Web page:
Tel Aviv synagogue vandalized in politically motivated graffiti

Outer wall of the synagogue was spray painted with the comment "In a place where a Jewish state bill bill will be legislated books will be burned," and a pile of burnt books left at the site.

November 30, 2014 21:18
1 minute read.
Burned books and graffiti at Tel Aviv synagogue

Burned books and graffiti at Tel Aviv synagogue. (photo credit: POLICE SPOKESPERSON'S UNIT)



The outer wall of the synagogue was spray-painted with the comment, “In a place where a Jewish state bill will be legislated, books will be burned,” and a pile of burnt books left at the site.


“It is ironic and shocking that they targeted a synagogue where every perspective is respected and welcomed and where Jews are taught to love each other regardless of their political views,” said the rabbi.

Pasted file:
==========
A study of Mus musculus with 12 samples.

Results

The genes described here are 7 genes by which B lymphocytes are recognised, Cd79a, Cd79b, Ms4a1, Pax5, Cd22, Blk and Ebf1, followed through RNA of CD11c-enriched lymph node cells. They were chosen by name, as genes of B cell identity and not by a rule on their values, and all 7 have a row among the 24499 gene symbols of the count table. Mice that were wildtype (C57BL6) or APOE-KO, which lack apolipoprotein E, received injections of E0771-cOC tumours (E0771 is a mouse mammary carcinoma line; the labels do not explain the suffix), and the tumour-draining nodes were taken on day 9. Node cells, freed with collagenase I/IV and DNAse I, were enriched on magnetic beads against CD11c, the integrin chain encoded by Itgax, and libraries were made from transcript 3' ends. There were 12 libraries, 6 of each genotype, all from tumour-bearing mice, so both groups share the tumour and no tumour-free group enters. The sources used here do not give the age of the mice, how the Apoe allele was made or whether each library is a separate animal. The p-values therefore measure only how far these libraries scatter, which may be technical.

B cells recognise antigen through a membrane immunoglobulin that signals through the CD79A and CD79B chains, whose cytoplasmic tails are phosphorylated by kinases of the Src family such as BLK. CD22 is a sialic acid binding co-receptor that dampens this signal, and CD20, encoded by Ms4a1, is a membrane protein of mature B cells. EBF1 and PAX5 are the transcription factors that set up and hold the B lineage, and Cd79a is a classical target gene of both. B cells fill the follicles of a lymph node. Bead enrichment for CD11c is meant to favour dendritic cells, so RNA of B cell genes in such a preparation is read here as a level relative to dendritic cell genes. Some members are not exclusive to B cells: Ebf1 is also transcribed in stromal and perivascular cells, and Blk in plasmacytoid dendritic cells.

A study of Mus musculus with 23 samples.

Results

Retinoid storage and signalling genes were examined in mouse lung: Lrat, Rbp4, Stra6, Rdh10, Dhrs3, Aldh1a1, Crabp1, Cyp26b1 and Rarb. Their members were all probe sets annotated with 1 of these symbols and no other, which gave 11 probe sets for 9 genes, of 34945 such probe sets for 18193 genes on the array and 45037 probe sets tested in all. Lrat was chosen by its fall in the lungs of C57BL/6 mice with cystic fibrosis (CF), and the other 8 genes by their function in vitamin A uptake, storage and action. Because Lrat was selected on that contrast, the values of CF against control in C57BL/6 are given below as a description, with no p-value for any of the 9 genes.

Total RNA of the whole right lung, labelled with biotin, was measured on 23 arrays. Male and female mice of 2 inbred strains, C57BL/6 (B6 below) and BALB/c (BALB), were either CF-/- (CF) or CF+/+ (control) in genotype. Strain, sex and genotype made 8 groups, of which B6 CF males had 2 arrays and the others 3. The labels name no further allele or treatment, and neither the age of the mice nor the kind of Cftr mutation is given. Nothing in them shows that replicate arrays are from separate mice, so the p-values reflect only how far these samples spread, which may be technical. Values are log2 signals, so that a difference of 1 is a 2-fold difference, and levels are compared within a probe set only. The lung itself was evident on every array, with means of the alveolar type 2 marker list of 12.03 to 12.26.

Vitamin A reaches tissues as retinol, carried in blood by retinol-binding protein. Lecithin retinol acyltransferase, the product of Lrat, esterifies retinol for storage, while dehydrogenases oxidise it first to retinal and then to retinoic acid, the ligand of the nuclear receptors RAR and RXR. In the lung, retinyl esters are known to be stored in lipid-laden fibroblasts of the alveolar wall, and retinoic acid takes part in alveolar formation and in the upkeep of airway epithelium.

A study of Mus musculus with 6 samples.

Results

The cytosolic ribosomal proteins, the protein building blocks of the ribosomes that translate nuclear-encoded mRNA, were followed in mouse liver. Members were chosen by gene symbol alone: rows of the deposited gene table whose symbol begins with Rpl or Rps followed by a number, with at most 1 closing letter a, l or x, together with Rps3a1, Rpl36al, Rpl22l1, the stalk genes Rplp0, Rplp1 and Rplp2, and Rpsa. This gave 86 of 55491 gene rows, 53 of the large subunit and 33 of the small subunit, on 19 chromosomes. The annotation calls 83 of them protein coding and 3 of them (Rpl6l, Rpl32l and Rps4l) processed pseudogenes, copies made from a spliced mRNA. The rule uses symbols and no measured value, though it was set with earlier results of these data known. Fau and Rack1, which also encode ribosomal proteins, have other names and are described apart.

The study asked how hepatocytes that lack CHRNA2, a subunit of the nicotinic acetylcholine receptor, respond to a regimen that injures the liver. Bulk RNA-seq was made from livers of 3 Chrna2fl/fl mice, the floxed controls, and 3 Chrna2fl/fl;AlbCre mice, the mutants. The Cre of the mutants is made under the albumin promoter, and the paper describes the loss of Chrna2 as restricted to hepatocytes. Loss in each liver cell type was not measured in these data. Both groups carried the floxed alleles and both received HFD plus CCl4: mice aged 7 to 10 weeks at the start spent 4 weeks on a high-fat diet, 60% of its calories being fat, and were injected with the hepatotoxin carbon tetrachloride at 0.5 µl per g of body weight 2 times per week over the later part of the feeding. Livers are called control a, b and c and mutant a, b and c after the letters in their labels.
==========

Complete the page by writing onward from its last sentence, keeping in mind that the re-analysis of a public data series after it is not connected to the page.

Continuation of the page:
Konstantyn pointed out that the founding of the International Synagogue was an initiative of the Tzohar rabbinical organization, which funds its activities, in order to serve as a hub of inclusive outreach to the greater Tel Aviv community.

Over the past few years the synagogue has hosted programs for Shabbat and the Jewish holidays for thousands of Jews from all walks of life and political backgrounds.

Konstantyn said the incident had been reported to the police.

Tzohar also expressed concern over the incident, as well as the increasing social tensions in the country surrounding the contentious “Jewish state” bill.

“Without pointing fingers, I call on leaders from both the Right and Left of the political spectrum to deal with the issue of the proposed ‘Jewish state’ legislation calmly and responsibly,” said Tzohar’s founder and chairman, Rabbi David Stav.

He said however that the attack was an indicator of the lack of respect that exists within certain groups in society.

“Rather than promote a healthy dialogue with other Jews who think differently, these individuals are resorting to the tactics of terrorists,” Stav said.

“We are all entitled to have differing viewpoints on the challenges facing our society but anyone who resorts to violence of this nature – and in particular who targets a holy sanctuary – deserves to be condemned in all possible manners.”